Wednesday, June 09, 2010


A yacht, strictly speaking, is any boat that is used for pleasure.

True, the word yacht has connotations of luxury and grandeur.

But, it's the pure element of pleasure that makes a boat into a yacht.

I do understand that some of the newer features that some sailors nowadays think are "necessary" have been added to boats so as to improve safety or help make up for a lack of hard-to-get crew.

But what happens when boats become so complicated and on-board systems so fragile as to remove the pleasure from boating? Is it no longer yachting if boat ownership turns into indentured servitude?

What happens when boat owners become so psychologically addicted to various systems that even minor breakdowns keep boats in port? Can people learn to differentiate between systems needed for functioning and safety versus fluff?

Do Laser sailors (that is, the ones who enjoy being inverted into frigid water until their teeth chatter and lips turn blue) therefore enjoy more "yachting" than owners of large, elaborately cruising boats with delicate or poorly planned and installed systems?


At 12:57 PM, June 09, 2010, Blogger Zen said...

Hmmm interesting question. I wonder who could answer such a ponderence...laser sailor, Hmmmmmmmmm

At 1:51 PM, June 10, 2010, Blogger O Docker said...

I think there's no question that the more complicated boat will keep you in port more doing maintenance.

But we put up with that because of where such boats can take us. My wife and I couldn't cross San Francisco Bay and spend a few days in the city, or go down the coast to Monterey on a Laser. On balance, we've gotten much more use out of the simple cruising boat we have than we ever got from the dinghy we had before that.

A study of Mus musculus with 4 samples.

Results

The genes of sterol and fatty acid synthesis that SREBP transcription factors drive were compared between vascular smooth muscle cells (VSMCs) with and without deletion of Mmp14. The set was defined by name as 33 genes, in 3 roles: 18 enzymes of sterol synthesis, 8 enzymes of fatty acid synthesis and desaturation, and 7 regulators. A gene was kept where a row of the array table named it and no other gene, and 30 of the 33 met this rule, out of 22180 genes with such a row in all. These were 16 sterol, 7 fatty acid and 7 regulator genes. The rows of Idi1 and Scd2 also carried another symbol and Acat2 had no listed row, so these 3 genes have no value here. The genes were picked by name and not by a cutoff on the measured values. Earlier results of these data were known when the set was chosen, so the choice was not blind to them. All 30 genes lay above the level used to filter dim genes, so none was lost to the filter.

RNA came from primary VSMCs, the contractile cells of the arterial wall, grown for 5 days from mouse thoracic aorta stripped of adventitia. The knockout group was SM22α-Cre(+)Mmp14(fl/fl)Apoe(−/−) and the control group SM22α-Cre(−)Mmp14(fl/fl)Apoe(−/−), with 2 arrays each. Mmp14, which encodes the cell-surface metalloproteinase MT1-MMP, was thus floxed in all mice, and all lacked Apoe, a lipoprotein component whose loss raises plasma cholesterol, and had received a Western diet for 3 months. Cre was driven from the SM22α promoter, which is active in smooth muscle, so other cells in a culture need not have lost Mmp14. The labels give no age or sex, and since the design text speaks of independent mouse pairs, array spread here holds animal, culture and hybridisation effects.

But that's us. Everyone's situation and sailing needs are different. We live 90 miles from the ocean, so a boat with accomodation makes a lot of sense. If we lived near a quiet bay that was suited to small boat sailing, or if only one of us wanted to sail, we might have a very different take on that.

Many of today's 'cruising' boats have been designed to be more floating entertainment centers than serious sailing machines, but only because that's what the market has demanded. You now pay quite a premium for a boat that was designed for serious bluewater voyaging.

And the days of the Pardeys' spare, simple cruiser, with no engine or electrical system, appear to have passed for most people. Long-distance cruisers today seem to want all of the comforts and are willing to put up with the maintenance hassles that entails.

At 7:40 AM, June 11, 2010, Blogger bonnie said...

I found myself thinking during the America's Cup (when first they couldn't race because there wasn't enough wind, then because there was too much) - god, these things are breathtaking to look at, but would they maybe actually be better boats if they weren't QUITE so high-strung?